Amid pushback from some Metro councilmembers, narrow approval from the Fair Commissioners Board and opposition from some Nashville residents, Mayor John Cooper’s office has been angling to get a racetrack deal done and bring NASCAR to the fairgrounds. An amended caption bill from Sen. Jon Lundberg (R-Bristol) would allow remodeling of the old racetrack to happen with a simple majority of 21 Metro Council votes rather than the 27 currently required for any demolition at the fairgrounds.
“It’s a reminder that powerful people in the city and state are lobbyists,” says Councilmember At-Large Bob Mendes. “Over the last several years, we’ve seen over and over again that if some business interest doesn’t like the answer under existing law or existing council, just run and tattle on us to the state and you get a different answer.”
The supermajority requirement of 27 votes was originally set in 2011 through a referendum that Nashville voters overwhelmingly voted to pass. This very threshold could now be what stops an extensive overhaul from taking place.
“It’s irony upon irony here,” says Mendes. “It was racetrack advocates who got the referendum on the ballot and passed in 2011 to make the two-thirds threshold, and now apparently it’s Bristol Motor Speedway going to the state to get that threshold knocked down to where it was before the 2011 referendum, which is a simple majority.”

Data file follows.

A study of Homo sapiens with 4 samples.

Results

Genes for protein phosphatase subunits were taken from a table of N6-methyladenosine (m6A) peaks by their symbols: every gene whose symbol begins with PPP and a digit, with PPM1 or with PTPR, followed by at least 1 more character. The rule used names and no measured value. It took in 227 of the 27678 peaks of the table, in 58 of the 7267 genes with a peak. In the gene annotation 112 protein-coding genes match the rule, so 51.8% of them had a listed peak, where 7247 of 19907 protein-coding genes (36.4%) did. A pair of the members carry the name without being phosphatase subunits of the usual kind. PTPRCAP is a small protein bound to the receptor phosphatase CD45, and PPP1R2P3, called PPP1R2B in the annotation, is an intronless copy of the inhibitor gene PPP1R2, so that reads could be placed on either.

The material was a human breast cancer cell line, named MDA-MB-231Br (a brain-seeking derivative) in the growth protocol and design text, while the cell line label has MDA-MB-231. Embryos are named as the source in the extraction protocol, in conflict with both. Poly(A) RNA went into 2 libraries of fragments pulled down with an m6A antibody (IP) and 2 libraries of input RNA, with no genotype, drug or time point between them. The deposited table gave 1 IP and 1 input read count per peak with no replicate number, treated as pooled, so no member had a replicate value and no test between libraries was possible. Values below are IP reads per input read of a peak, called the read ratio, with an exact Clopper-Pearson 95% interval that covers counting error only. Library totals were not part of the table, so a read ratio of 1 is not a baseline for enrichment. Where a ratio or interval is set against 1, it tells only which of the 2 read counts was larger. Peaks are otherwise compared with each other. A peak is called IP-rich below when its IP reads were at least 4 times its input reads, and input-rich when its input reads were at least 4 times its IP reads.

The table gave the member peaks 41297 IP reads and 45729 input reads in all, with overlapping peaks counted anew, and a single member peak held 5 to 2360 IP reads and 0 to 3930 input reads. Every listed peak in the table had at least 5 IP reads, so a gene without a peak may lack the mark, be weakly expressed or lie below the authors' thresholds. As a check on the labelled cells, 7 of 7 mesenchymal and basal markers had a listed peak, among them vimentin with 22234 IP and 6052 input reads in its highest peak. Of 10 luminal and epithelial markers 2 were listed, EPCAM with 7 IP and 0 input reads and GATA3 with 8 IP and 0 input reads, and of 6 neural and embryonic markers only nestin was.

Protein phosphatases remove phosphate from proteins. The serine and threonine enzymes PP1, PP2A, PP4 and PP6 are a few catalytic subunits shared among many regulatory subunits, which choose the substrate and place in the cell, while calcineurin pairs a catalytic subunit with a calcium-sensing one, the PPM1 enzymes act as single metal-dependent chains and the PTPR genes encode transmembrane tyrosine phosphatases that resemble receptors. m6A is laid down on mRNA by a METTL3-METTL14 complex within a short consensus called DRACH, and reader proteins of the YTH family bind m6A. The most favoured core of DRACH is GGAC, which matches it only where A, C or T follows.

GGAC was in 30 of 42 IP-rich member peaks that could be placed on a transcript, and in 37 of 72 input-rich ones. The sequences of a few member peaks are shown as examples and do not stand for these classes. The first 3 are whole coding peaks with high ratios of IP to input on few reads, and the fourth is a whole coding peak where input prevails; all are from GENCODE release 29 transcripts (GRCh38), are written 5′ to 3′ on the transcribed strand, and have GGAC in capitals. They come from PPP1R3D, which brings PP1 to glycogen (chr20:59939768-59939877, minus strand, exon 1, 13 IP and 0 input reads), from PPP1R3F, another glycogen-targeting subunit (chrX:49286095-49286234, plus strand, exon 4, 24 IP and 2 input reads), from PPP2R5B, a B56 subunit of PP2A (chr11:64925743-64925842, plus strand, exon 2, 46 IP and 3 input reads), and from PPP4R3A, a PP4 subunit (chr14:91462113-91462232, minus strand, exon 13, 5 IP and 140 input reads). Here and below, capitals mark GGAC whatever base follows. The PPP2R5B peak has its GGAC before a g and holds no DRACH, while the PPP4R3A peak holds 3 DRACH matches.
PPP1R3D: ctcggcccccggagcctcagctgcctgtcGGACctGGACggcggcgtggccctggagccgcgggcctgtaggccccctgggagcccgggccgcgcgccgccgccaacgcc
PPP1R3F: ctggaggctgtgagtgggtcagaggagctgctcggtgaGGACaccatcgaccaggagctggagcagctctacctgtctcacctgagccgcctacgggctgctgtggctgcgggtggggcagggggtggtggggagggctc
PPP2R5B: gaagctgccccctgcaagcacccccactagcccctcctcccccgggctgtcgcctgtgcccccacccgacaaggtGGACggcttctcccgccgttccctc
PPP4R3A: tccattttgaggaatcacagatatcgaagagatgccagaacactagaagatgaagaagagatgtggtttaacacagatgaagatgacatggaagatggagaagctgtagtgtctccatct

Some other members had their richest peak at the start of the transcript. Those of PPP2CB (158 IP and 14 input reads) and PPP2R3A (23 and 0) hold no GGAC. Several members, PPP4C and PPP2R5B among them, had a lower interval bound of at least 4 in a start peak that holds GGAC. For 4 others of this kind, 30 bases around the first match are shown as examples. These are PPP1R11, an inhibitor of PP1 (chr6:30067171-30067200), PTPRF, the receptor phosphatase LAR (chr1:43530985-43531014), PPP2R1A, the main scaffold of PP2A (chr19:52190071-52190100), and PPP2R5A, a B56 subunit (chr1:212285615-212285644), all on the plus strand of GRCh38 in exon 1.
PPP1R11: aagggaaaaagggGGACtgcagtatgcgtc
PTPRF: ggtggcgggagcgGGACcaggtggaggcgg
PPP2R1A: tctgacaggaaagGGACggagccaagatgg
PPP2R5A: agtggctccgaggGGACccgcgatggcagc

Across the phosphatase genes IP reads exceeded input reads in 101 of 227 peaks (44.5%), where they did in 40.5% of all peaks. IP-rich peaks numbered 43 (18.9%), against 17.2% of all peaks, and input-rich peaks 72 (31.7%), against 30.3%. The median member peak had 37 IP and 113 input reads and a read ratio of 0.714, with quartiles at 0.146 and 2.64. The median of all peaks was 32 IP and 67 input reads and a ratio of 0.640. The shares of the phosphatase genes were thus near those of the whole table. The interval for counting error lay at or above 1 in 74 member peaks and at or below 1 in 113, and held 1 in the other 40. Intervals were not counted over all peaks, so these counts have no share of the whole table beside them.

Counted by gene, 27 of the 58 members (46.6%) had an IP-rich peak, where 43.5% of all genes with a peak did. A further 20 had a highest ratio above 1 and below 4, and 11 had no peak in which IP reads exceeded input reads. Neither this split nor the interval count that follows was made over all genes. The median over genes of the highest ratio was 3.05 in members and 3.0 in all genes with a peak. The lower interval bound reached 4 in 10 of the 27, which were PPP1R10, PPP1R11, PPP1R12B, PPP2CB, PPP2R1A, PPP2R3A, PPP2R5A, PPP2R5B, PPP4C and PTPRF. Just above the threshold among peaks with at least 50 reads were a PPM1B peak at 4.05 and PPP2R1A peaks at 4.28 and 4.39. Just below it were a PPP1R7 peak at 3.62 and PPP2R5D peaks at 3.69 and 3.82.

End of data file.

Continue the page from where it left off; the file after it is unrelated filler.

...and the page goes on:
Metro is currently suing over the state’s legislation to slash the council in half, from 40 members to 20.
“I hope the mayor’s office hasn’t been involved in trying to get this done with the state,” says Mendes. “They’ll end up having plausible deniability, probably, if they were involved, because it’s the same frickin’ lobbyists that are working for the football team and the racetrack.”
Lobbyists from Holland & Knight (formerly Waller Lansden Dortch & Davis) are registered to lobby both for the Tennessee Titans and Bristol Motor Speedway at the state Capitol.
“We’re looking into the proposed amendment,” says TJ Ducklo, a spokesperson for the mayor’s office. “As is the case with other proposed legislation, we are against state interference with our charter.”
The bill passed through the Senate State and Local Government Committee with a 7-2 vote along party lines Tuesday, with Sens. Sara Kyle (D-Memphis) and Jeff Yarbro (D-Nashville) voting against it.
“I’m not a fan of when we do things here where we’re correcting the work of [the citizens],” said Yarbro during the committee meeting. “If this language was added to the charter by the citizens through that process, I don’t think this is the right way for us to address it.”
But Lundberg argued that the charter amendment from 2011 was over the demolition of the entire racetrack for a different project, while this is simply for a partial demolition for improvements.
“When they are taking out parts to do bleachers, I think that’s a completely different thing,” said Lundberg. “And that’s I think what the voters want, and that’s I think what the commission wanted.”
The legislation now heads to the Senate floor. After passing in the House Cities and Counties Subcommittee on Wednesday with little fanfare, it will be heard in the House Local Government Committee next.
“The most disappointing thing is there’s a very small number of Nashville residents, professionals that are lobbying on the Hill, to meddle with Metro local government,” says Mendes. “And it’s sad to see that there’s apparently a pretty small number of Nashville residents that are participating, egging the state on in its repetitive attack on Nashville.”